Stav Meir, 13, went with his father and brothers to pick mushrooms near the Israeli city of Caesarea. There had been heavy rainfalls in the area shortly before, and the family decided it was the right time to pick mushrooms. While searching, Stav noticed a marble slab protruding from the ground. According to a boy who studied archeology at school, he immediately realized that he had come across something ancient.
According to local law, any find that may be of historical importance must be reported to the Israel Antiquities Authority (IAA). Doctor of archaeological sciences Peter Handelman went to investigate the slab. He said that the slab is a part of a gravestone engraved in Greek: the words “grave” and the name of the deceased are preserved on the artifact - “Anastasius” or “Anastasia”.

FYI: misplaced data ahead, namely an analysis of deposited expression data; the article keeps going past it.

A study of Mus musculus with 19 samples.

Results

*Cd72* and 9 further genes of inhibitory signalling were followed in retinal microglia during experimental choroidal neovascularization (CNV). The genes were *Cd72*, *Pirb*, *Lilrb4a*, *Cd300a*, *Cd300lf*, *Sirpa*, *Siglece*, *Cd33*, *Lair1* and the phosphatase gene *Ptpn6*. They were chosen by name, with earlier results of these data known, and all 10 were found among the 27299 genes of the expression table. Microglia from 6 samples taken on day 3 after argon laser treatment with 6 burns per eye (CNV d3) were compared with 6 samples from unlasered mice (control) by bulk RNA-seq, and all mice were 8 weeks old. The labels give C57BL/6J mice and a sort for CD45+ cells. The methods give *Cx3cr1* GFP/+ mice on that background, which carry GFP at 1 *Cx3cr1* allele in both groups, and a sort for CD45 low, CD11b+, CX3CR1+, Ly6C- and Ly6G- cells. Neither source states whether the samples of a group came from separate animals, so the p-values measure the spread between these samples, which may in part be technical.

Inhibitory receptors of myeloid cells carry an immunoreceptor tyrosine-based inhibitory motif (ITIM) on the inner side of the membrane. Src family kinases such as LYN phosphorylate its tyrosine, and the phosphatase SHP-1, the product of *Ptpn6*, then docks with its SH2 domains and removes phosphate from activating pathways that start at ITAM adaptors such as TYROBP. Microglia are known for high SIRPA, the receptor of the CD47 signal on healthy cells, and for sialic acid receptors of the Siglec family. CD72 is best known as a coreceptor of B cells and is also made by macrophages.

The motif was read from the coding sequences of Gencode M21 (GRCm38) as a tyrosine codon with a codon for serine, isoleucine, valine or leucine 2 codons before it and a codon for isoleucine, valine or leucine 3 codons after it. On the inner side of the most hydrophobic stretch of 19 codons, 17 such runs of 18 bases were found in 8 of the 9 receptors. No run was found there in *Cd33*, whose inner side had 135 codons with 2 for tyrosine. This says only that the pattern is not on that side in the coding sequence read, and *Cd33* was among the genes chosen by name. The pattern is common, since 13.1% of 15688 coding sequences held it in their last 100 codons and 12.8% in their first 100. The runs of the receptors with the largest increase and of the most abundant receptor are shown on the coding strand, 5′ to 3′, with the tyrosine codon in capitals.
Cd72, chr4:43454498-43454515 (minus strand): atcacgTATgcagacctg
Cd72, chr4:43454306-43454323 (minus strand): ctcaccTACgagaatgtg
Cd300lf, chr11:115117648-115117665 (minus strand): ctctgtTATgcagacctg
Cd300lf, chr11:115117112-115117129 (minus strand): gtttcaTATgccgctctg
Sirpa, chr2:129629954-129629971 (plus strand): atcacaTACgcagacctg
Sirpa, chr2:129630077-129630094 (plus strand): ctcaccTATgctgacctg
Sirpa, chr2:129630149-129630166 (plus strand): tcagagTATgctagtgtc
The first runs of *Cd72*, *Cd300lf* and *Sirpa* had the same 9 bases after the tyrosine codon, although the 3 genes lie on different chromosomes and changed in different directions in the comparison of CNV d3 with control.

The artifact is believed to be over 1,500 years old and dates from the period when the area was controlled by the Byzantine Empire, the successor state to the Roman Empire in the Eastern Mediterranean and the Levant.
Perhaps Stav found not only a fragment of a gravestone, but also the site of an ancient Christian cemetery. Excavations in the area can provide insight into Caesarea's rich history. This city, founded by Herod the Great, was famous for its many churches and monumental buildings. In the 7th century AD, the city was destroyed during the Muslim invasions.
The IAA awarded Stav a certificate of honor and encouraged citizens to work together to preserve the treasures of Israel's land.